When I talk to parents about including their kids in what’s going on financially with the household, I get one of three responses:
1) I’m the parent, they’re the child. Money matters is a grown up issue and kids shouldn’t be involved.
2) Why would I want to burden my child with that kind of stress?
3) If I told my kids about the bills we have, they would say it wasn’t their problem as they weren’t the ones to make the decisions about what to buy!
Kids can handle more than you think. People tend to believe that managing money is something you’ll just figure out how to do when you become an adult. But we do nothing to prepare kids for this responsibility as they grow. Don’t let your belief that kids are too immature to handle this kind of information keep them in the dark. They must be prepared for managing money, and the best way to learn that is through their parents.
Stress is a choice. We work so hard to protect and shelter our kids from the trials of life, that we think this is benefiting them some how. Managing money can be a stressful experience, but it’s a necessary life skill. Show your kids how you handle a stressful money situation so they can be prepared to do the same as they get older.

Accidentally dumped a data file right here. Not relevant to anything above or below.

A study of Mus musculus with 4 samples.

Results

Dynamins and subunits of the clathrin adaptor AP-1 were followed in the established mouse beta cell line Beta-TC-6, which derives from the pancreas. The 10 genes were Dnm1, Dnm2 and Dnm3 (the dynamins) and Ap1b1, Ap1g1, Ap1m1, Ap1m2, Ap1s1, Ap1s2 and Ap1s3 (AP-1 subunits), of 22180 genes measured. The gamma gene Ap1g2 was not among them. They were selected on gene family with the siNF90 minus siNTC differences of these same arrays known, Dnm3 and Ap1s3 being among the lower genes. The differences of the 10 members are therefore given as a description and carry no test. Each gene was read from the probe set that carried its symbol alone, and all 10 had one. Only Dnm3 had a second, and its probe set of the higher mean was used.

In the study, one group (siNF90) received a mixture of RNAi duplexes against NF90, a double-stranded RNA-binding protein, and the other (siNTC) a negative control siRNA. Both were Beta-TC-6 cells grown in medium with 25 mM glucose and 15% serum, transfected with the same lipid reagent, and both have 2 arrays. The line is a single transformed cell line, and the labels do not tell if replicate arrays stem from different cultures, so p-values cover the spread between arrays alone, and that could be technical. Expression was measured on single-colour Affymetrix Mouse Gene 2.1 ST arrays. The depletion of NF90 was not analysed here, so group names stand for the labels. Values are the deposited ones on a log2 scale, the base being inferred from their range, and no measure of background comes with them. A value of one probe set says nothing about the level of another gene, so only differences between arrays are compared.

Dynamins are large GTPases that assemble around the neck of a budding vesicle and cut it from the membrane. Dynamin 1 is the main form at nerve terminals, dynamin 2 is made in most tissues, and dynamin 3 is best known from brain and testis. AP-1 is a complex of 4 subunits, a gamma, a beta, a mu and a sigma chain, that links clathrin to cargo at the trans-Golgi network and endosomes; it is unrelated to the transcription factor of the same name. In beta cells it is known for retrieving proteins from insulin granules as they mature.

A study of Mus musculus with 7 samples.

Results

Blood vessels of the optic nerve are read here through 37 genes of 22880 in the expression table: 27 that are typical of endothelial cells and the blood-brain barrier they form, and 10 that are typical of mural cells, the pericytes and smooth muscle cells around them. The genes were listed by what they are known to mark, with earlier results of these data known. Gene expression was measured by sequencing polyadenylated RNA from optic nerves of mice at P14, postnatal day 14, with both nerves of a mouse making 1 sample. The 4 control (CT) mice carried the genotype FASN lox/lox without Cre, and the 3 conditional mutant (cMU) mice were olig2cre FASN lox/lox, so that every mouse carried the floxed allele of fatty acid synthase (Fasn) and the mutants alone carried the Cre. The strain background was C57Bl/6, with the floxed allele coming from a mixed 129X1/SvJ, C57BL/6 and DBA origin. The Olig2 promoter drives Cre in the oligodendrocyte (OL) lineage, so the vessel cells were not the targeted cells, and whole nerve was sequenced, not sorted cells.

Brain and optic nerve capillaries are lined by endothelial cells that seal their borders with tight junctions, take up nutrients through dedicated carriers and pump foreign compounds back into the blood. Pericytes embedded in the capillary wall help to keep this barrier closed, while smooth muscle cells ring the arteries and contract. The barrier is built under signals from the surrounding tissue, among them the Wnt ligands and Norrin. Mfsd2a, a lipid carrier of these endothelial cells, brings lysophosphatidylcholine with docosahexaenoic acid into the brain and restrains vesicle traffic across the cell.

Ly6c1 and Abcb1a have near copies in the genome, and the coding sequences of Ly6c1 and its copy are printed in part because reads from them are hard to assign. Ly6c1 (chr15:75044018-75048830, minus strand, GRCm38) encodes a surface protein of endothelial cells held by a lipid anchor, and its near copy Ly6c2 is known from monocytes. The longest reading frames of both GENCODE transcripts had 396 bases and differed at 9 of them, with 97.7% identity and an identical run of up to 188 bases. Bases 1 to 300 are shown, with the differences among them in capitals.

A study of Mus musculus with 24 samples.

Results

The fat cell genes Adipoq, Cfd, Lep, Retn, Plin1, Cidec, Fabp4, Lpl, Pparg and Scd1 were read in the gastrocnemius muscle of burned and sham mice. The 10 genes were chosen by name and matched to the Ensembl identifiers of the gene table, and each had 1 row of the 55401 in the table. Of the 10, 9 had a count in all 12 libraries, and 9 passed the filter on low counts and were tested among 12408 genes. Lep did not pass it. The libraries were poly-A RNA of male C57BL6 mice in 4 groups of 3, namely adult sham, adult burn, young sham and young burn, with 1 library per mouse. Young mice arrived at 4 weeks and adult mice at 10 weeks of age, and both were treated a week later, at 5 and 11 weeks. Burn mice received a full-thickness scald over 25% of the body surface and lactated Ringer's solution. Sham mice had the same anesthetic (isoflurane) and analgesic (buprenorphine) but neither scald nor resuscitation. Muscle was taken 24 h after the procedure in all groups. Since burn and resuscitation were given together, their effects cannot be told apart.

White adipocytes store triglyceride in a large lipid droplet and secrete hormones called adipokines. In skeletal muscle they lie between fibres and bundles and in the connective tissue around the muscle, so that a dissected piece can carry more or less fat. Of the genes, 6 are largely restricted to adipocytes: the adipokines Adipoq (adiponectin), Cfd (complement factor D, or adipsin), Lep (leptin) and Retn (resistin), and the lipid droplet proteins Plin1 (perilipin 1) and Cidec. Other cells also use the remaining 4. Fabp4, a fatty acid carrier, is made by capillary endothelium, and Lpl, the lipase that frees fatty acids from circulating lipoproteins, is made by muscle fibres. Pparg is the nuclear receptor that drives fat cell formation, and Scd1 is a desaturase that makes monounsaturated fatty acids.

Bring in the mail. The best way to get your kids involved with understanding household finances is to have them bring in the mail. That’s it. Choose the most irresponsible child you have, and make it their new chore to bring in the mail everyday. It’s their job to sort through it and identify the junk. Create a list of expected bills and give that to your child. Have your child check off each bill as it’s received, and keep them all together in a file. When all are received, have him or her bring the file to you so you can pay the bills.
Kids need to see what actually goes on financially to run a household. Let them see that maxed out Visa bill. Show them what bills didn’t get paid because you had to repair the water-heater. Give them an understanding of managing all the paperwork involved with paying bills. This is invaluable life skills that they’ll need in the next few years.
And for the parent that says, “my child would never be responsible enough to manage this task.” I say to you, if they can’t handle this task at the age of 16, how do you expect them to handle it at 23?